January 1, 2003
50 Best Colleges For African Americans
be able to get in and don’t apply because they don’t think they’re going to get in–that the bar is too high,” he says. But Whittaker points out that a big reason he went to Harvard University (besides the high academic standards) was that the school offered him a generous financial aid package. And Christ adds, “It’s important not to look at the sticker price but the amount the family is going to pay. It’s really about going to the very best college the student aspires to attend.”
CALCULATING THE DAYSTAR RATING
Colleges were selected to be in our analysis based on one of two criteria: 1) They are accredited four-year colleges with an African American student enrollment of at least 3%; or 2) Every other college that did not meet criteria one but is a large or well-known university (e.g., the University of Utah, New Mexico State University, etc.). The goal was to be as inclusive as possible without including schools of little interest to black students. This process resulted in 482 colleges.
OUR PANEL OF EXPERTS
We compiled a list of 1,855 African American professionals in higher education from membership lists of professional organizations, news reports, and other sources, and mailed each of them a questionnaire. The professionals held titles such as president, chancellor, vice president, vice chancellor, provost, dean, assistant dean, department chair, director of admissions, admissions counselor, and college recruiter. They were all employed by one of the 482 universities in the study. The questionnaire asked them to rate colleges based on whether they felt the schools were a good social and educational environment for African American students. Each school was rated on the following scale: 2=strongly recommended, 1=recommended, 0=neutral, -1=not recommended, -2=strongly not recommended. Each school was categorized according to the college classification protocol developed by U.S. News and World Report, which is a modified version of the protocol developed by Carnegie Foundation for the Advancement of Teaching. Each survey respondent was asked to rate only schools that were in the same classification as the school where he or she was employed. Survey respondents were asked to rate only schools that they felt they knew enough about to have an opinion. Of the 936 persons surveyed, 409 (43.7%) completed the questionnaire providing usable data.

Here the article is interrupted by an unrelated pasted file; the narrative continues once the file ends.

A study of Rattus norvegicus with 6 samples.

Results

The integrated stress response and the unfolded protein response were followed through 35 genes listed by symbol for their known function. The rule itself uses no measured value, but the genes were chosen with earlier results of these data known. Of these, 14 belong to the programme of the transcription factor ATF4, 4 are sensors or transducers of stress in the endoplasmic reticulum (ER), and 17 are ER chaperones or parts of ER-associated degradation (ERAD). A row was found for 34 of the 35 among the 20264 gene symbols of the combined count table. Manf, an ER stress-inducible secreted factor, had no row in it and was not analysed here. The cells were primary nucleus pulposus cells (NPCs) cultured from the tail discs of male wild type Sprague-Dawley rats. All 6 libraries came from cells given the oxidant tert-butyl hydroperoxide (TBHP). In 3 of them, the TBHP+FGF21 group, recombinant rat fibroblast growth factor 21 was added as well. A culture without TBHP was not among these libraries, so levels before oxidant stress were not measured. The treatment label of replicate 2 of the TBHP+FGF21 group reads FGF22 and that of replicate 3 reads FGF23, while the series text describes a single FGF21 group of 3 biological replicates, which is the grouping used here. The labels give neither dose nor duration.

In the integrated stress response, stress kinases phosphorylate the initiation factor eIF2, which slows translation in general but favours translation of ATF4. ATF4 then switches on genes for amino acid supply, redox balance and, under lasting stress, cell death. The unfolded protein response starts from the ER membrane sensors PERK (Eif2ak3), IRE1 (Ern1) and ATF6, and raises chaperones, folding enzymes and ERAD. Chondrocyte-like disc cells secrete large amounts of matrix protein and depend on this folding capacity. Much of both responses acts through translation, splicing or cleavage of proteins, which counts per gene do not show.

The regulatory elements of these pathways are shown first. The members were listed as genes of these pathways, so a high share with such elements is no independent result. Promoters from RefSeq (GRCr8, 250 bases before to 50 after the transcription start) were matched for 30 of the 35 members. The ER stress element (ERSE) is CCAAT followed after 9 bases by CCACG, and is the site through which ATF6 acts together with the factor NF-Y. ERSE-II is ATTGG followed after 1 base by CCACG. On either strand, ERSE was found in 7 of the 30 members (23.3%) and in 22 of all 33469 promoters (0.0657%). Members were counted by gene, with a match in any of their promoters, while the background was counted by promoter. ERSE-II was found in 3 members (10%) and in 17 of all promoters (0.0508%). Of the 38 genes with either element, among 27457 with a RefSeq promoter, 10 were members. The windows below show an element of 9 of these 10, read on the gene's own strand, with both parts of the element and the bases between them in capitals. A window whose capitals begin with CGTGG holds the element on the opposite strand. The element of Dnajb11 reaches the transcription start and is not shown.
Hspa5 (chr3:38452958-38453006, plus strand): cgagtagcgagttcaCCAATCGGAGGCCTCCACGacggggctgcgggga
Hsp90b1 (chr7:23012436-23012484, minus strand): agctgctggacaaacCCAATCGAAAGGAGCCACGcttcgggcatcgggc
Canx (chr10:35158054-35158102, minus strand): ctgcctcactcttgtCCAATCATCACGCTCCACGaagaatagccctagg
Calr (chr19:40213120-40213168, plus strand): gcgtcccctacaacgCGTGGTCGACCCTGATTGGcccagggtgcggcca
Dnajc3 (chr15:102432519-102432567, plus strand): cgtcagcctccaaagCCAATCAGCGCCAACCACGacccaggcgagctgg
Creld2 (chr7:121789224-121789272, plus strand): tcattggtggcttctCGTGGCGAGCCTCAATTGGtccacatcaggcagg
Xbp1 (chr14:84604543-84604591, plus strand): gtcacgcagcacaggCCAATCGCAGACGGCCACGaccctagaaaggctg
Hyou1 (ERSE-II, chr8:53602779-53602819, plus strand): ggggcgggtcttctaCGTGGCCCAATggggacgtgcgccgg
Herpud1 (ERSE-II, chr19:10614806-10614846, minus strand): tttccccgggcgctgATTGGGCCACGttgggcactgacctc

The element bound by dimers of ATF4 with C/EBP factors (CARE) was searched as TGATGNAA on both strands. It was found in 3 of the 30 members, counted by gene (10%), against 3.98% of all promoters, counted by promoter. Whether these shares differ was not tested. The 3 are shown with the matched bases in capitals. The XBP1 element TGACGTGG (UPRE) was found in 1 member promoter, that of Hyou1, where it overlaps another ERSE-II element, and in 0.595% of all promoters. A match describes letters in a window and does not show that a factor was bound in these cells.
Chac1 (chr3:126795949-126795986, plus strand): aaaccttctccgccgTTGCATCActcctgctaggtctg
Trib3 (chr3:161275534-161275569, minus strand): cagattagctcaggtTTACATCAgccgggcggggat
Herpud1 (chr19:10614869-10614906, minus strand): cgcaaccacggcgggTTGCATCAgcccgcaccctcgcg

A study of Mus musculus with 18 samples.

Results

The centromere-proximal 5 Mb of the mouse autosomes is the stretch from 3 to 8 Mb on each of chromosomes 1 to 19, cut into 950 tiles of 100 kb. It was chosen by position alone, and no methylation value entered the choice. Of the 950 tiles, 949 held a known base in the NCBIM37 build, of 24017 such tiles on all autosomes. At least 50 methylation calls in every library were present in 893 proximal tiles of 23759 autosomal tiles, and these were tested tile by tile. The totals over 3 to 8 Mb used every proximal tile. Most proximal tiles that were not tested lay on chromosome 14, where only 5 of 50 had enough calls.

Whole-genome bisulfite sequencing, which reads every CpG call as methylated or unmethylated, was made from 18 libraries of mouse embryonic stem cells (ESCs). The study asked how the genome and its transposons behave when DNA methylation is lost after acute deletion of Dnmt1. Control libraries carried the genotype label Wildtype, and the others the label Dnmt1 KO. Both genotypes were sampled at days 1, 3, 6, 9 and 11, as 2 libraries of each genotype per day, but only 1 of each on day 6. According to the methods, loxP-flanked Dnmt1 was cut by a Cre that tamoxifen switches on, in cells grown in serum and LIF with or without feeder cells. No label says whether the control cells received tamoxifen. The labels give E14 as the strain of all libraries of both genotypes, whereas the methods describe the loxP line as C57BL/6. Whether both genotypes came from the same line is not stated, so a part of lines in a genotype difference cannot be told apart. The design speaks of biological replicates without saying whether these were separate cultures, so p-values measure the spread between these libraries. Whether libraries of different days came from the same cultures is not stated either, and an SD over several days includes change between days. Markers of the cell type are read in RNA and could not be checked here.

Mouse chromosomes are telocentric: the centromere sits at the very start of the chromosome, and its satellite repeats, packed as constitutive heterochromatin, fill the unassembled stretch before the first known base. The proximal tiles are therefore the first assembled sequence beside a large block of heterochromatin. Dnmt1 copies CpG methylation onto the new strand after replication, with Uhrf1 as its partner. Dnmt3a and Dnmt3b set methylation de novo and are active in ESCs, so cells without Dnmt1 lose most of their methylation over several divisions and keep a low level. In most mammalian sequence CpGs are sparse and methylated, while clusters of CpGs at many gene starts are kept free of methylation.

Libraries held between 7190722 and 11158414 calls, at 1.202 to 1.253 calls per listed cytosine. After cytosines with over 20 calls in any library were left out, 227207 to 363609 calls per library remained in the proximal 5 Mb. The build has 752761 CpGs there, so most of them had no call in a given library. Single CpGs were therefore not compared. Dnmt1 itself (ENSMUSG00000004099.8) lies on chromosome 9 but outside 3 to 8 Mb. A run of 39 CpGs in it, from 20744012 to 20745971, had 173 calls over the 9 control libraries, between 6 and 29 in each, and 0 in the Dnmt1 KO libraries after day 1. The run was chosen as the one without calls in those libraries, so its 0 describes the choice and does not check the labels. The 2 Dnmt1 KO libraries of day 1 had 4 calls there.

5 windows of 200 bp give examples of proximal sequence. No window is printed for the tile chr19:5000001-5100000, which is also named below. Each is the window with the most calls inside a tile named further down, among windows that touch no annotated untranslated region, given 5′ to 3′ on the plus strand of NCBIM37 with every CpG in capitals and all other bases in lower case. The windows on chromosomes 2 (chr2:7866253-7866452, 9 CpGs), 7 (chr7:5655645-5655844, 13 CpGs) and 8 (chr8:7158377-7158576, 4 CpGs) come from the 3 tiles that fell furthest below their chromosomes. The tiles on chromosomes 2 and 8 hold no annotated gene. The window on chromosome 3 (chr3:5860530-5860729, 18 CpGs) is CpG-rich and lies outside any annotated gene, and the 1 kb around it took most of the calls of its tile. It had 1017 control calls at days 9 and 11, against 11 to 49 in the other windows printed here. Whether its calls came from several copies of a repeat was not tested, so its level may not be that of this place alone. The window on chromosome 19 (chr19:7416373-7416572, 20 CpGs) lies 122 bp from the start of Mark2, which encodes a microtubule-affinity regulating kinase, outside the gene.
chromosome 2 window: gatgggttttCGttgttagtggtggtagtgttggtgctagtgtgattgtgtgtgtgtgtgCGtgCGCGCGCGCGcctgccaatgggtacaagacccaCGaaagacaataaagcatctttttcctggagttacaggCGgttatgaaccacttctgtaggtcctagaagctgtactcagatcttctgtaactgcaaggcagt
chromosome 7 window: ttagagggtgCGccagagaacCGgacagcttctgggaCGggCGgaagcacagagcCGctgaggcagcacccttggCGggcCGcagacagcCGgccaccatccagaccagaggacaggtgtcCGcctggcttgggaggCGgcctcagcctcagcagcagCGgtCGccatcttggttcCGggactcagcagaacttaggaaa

Calculating The Daystar Rating
The DayStar rating was calculated by developing a regression-based weighted multiplicative index combining four variables: 1) percentage of African American undergraduate students; 2) the school’s DayStar rating from 2001; 3) average survey score for the school’s social environment for African American students; and 4) average survey score for the school’s educational environment for African American students.